Back to top

Staying active, staying engaged, staying home

Spending a lot more time at home these days? Not to worry — UMass Amherst alumni are here to make that time a little bit healthier, happier, and more fun. Here are just a few of the ways alumni and their businesses are improving life right now. 

Woman doing yoga

Move your body 
The technology-based home fitness company Peloton, co-founded by Hisao Kushi ’88, has seen a boom in recent months as more people are looking to work out at home. In fact, the company recently broke one of its own records when 23,000 people streamed a single live class. Led by Peloton vice president and head instructor Robin Arzón, the 30-minute class was one of the first ever filmed outside Peloton’s studios—direct from Arzón’s living room to yours. 

Basket of vegetables

Eat your vegetables 
While we’re on the subject of keeping your body healthy, a new cooperative has made getting vegetables and other healthy foods a lot easier. Dozens of farms in and around Western Mass. have teamed up to form Sunderland Farm Collaborative, which is now delivering produce, dairy, and other farm products directly to consumers’ homes. Among the participating farms are Apex Orchards (Becca Drew ’13, wholesale manager), Mapleline Farm (Chad Dizek ’01, farm manager; Richard West ’91, herd manager; John Kokoski ’69 business manager), Queen’s Greens (Matt Biskup ’95, co-owner), and Riverland Farm (Meghan Arquin ’99, co-owner).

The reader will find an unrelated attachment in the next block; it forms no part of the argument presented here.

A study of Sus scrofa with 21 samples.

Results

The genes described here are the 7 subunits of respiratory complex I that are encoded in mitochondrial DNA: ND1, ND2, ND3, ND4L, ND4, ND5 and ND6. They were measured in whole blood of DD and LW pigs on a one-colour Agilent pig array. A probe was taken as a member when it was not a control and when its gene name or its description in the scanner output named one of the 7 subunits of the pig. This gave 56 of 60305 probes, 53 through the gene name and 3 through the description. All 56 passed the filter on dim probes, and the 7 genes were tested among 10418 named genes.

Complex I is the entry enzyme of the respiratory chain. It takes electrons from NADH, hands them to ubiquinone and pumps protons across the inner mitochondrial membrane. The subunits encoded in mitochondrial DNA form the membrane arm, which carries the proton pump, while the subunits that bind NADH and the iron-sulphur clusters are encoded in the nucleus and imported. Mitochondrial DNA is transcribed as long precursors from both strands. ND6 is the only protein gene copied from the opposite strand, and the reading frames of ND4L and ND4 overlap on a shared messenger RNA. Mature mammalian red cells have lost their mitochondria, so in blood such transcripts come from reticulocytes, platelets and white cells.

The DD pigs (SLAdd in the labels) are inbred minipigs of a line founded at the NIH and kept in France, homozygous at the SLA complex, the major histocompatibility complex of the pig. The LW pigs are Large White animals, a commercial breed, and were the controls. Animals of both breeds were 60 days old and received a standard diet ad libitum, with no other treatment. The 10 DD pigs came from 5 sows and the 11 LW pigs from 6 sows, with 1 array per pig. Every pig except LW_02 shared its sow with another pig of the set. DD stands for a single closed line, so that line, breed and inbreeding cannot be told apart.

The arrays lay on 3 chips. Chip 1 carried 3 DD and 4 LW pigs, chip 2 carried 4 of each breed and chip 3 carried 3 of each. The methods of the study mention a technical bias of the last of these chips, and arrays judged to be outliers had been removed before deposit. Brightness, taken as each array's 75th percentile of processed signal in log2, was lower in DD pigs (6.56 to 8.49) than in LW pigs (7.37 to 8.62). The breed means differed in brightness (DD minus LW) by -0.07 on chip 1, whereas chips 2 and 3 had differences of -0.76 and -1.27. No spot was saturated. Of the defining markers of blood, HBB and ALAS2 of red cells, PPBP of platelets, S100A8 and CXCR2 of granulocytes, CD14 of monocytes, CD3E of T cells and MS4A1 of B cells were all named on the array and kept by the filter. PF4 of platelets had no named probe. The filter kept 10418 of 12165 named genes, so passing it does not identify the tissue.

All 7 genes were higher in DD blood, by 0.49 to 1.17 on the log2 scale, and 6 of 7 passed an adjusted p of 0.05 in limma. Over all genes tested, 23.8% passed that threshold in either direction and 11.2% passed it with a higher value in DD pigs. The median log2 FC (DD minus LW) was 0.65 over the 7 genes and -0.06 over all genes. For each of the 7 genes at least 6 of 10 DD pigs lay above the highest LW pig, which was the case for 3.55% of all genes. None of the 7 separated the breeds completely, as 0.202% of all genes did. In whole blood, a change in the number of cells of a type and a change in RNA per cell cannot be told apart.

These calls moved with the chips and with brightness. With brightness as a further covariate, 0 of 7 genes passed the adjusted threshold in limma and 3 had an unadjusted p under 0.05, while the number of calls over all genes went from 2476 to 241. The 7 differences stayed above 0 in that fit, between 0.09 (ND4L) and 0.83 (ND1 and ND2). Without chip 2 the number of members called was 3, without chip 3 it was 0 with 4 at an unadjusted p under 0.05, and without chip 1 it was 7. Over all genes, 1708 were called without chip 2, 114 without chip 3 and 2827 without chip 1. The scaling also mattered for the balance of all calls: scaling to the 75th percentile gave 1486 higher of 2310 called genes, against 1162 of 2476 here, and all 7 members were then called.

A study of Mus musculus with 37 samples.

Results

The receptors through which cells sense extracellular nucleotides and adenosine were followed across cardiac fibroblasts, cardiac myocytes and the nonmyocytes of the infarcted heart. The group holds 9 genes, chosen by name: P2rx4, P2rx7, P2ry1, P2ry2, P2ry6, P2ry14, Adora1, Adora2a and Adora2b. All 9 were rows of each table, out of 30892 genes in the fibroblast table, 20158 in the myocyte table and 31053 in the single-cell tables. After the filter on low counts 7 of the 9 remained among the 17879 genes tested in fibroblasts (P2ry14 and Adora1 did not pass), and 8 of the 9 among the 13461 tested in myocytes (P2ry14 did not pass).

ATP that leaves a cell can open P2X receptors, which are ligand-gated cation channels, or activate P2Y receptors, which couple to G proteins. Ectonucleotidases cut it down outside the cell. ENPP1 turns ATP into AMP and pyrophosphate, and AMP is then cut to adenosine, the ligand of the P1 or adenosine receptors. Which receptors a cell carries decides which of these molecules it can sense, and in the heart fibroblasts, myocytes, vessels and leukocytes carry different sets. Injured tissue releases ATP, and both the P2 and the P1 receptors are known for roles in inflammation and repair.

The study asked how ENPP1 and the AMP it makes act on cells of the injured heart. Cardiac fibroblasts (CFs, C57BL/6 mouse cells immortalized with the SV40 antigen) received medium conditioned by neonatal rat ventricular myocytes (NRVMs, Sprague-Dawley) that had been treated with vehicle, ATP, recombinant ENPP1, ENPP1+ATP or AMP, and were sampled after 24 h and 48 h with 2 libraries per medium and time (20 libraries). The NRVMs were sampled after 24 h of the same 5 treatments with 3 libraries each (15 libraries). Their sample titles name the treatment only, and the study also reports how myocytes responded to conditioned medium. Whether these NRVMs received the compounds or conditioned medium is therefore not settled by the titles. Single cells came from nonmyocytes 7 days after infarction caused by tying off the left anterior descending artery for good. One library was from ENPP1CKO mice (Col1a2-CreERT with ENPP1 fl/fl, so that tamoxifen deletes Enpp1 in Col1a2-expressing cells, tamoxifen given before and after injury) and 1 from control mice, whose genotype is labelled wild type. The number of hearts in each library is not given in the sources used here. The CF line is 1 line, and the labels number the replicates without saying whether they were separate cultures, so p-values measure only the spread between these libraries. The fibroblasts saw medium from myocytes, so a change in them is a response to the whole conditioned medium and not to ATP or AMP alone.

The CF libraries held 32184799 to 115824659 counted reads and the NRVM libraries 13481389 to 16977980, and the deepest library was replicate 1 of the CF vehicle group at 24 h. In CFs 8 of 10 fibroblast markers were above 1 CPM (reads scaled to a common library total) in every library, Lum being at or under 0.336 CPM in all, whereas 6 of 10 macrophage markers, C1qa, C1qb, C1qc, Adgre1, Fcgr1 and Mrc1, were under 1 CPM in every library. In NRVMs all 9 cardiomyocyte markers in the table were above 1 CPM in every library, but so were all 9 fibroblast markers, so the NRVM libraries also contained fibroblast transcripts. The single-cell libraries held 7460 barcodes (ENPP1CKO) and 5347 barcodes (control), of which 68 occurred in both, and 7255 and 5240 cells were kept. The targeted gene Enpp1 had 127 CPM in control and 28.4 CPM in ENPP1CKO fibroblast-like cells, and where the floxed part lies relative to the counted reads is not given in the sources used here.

Child wearing headphones

Entertain your kids 
And what about the kids? Keeping them busy with schools and camps closed is no small feat, but Josh Stearns ’07MA is here to help. The archive of his Ping and Echo newsletter features kid-friendly podcast episodes that adults will love, too, along with links to fun activities and related reading and videos.

People holding open books

Feed your mind 
Or how about a good book? Find books for kids and adults alike at Bookshop, the new online bookstore created by Andy Hunter ’94. Providing an independent alternative to Amazon, Bookshop shares its profits with local independent bookstores. While the site launched months before the pandemic began, it has done a brisk business in recent months as many local bookstores have had to temporarily close their doors, and it recently hit the $1 million mark in earnings for local bookstores.

Classic books on a shelf

Impress your colleagues 
And speaking of books, what impression is that bookshelf behind you making during all those video meetings? If you want to impress your boss, co-workers, or friends, the Brattle Book Shop in Boston is here to help. Owner Ken Gloss ’73 and his wife Joyce Kosofsky ’75 will curate a hand-picked selection of books to make your Zoom background look smarter and more aesthetically pleasing. Drawing on their experience selecting books that make the right impression for retailers, realtors, and film and television sets, these booksellers will choose and ship a selection of books to make you look sophisticated and worldly—even if you rarely leave the house.